By Greg David and Rachel Holliday Smith, THE CITY
The customers, he said, either allowed their leases to lapse or talked their landlords into terminating their leases — but weren’t ready to decide on a permanent place to live.
“This has never happened before,” said Menchini, the owner of U Santini Inc., a 90-year-old moving company in Brooklyn. “They send me their keys and say, ‘Pack it up and put it in storage and we’ll figure it out later.’ There are so many people in flux.”
With thousands or more leaving New York, rents are dropping for the first time in years, and residential housing experts say the decline will continue for the rest of 2020. What happens after that is unclear to even the experts.
Meanwhile, vacancy rates are increasing — and if the trend holds, New York’s system of rent regulation could be endangered since it is based on a housing emergency defined as a vacancy rate of 5% or less. A key official vacancy survey is expected to begin next year.
“I view the summer as the spring market that never took off because of the shutdown,” said Jonathan Miller, chief executive of Miller Samuel and the author for decades of the Elliman reports that track the region’s residential markets. “Then after Labor Day all bets are off. I think the rental market hasn’t found its level yet.”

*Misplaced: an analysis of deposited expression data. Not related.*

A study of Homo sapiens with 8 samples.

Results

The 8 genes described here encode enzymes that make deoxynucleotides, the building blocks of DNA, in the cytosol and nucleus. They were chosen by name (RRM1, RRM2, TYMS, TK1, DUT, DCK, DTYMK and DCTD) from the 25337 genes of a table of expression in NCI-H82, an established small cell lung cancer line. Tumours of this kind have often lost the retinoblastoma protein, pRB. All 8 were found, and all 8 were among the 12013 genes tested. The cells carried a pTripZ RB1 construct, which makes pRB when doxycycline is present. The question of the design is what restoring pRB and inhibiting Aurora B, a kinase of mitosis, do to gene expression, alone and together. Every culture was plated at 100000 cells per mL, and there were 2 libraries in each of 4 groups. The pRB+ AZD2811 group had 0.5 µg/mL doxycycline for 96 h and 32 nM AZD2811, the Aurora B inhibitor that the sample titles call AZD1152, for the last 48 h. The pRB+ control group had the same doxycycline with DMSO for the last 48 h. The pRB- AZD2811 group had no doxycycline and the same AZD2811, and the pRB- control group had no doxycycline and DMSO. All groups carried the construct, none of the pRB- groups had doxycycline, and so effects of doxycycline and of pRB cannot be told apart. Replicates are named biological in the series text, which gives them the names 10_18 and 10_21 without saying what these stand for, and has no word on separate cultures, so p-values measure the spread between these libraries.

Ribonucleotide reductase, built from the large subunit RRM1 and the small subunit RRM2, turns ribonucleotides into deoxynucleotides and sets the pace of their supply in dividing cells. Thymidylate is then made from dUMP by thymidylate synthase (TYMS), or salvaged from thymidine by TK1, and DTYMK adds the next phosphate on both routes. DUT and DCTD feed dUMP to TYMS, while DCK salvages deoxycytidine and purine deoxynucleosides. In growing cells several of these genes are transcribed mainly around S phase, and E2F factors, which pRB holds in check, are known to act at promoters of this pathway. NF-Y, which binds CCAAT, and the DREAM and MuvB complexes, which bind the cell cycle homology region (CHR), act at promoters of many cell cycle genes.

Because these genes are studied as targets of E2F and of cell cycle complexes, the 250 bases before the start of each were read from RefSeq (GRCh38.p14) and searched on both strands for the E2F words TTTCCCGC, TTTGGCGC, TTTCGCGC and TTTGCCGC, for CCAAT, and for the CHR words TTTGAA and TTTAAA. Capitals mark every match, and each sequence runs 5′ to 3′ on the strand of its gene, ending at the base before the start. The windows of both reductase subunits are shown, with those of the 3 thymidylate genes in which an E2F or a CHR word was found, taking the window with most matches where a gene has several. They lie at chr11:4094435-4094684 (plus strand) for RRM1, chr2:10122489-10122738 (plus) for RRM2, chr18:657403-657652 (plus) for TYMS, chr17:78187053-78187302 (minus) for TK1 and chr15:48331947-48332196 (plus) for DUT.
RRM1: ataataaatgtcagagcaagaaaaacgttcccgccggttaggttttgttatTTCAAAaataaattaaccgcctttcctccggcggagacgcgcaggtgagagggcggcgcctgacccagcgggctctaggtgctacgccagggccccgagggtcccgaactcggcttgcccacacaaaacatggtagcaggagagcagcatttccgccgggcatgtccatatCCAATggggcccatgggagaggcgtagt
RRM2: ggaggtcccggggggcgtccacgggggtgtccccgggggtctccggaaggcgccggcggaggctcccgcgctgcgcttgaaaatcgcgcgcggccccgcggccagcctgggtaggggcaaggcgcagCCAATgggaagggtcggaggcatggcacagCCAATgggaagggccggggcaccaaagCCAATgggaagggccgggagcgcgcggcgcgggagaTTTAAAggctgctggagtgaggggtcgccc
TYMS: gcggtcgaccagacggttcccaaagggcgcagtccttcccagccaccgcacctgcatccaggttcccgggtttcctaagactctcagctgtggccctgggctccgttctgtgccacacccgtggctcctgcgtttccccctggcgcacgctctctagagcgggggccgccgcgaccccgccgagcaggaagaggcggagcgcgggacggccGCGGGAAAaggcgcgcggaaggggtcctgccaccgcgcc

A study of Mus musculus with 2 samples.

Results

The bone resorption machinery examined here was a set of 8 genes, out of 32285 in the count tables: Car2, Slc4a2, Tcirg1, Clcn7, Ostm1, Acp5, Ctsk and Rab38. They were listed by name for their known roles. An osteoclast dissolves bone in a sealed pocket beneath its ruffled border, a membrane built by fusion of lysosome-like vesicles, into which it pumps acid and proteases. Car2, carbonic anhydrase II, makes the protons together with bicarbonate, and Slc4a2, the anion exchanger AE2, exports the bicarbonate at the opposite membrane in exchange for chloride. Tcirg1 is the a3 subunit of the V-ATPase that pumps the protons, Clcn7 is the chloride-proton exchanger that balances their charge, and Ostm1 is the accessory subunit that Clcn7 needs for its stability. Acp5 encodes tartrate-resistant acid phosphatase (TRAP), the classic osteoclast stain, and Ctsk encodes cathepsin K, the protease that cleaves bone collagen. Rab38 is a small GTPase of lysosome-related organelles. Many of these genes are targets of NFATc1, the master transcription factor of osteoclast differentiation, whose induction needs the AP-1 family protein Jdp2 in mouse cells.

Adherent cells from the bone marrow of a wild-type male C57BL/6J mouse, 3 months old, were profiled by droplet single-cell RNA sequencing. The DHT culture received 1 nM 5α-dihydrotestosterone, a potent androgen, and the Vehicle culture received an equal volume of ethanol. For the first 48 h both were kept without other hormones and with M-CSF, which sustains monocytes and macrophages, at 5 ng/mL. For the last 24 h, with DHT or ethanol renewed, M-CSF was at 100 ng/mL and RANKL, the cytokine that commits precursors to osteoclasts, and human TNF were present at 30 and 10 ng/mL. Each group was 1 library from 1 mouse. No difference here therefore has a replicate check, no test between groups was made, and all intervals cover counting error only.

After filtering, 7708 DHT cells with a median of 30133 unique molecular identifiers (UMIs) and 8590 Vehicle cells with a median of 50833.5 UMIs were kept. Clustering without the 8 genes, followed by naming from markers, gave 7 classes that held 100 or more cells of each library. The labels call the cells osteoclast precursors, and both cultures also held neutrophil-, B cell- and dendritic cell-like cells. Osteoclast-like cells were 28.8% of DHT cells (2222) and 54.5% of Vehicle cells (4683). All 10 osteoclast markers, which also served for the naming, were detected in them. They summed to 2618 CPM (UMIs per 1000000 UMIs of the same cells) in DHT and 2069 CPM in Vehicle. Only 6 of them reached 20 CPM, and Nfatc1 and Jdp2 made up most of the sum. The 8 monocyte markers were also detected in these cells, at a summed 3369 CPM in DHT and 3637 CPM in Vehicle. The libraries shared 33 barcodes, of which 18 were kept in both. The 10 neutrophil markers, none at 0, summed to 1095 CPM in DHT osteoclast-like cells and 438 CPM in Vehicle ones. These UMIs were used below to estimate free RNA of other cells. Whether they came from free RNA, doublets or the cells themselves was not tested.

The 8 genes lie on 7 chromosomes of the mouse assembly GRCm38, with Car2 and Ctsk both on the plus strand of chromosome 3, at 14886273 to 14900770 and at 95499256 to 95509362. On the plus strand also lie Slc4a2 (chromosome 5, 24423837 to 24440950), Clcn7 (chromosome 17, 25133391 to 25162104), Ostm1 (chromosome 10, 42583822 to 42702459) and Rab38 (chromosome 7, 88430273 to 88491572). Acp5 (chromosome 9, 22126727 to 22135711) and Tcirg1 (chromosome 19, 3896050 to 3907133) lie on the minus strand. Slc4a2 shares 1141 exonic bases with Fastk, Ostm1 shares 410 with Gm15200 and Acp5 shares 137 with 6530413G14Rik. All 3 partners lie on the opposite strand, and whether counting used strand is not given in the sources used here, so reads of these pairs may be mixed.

A Downward Trend
Recently released numbers show a dramatic change in the market where rent increases once seemed relentless.
The median rent in Manhattan dropped 4.7% in June, the first decline since 2018 and reversing all the increases of the past two years, according to Elliman. Rents fell a little less in Brooklyn and by more than 5% in northwest Queens. The report doesn’t track The Bronx and Staten Island.
One-third of Manhattan rents were discounted from their asking price, by an average of 7%, according to data from StreetEasy.
The Manhattan vacancy rate, Elliman found, jumped 2 percentage points to 3.67%, a 14-year high.
The data is only available for new leases and significant concessions on lease renewals would also show declines in rent, Miller said.
Neither Miller nor Nancy Wu, an economist at StreetEasy, was willing to make a prediction of how much more rents will decline.
But Wu noted that many leases are expiring this summer which will translate into lower rents as demand falls and inventory rises. One factor: It isn’t clear how many college students will return with many classes exclusively online.
‘We Love New York’
The key, however, is the decision of many people to leave the city, either temporarily or permanently.
Sean Sullivan and his family made the agonizing decision to leave New York temporarily during the quarantine.
He and his wife, both attorneys, stuck it out working remotely with their 4- and 6-year-old kids in their Prospect Heights two-bedroom apartment until the end of May. That’s when the kids began refusing to go outside, unwilling to suit up with masks and gloves just to play on a small patch of sidewalk near their building.
“They felt a lot of anxiety,” he said. “It was just a lot.”
The couple debated leaving “for weeks,” he remembered. She was born and raised in Manhattan and he had lived in New York for more than 20 years. Neither wanted to flee the city “in a time of crisis,” he said.
Ultimately, they decamped to his in-laws’ house in Vermont. Now, they go on hikes every weekend, and the kids have room to run around. But they plan to leave Vermont in late August.
“We will be back,” he said. “We love New York.”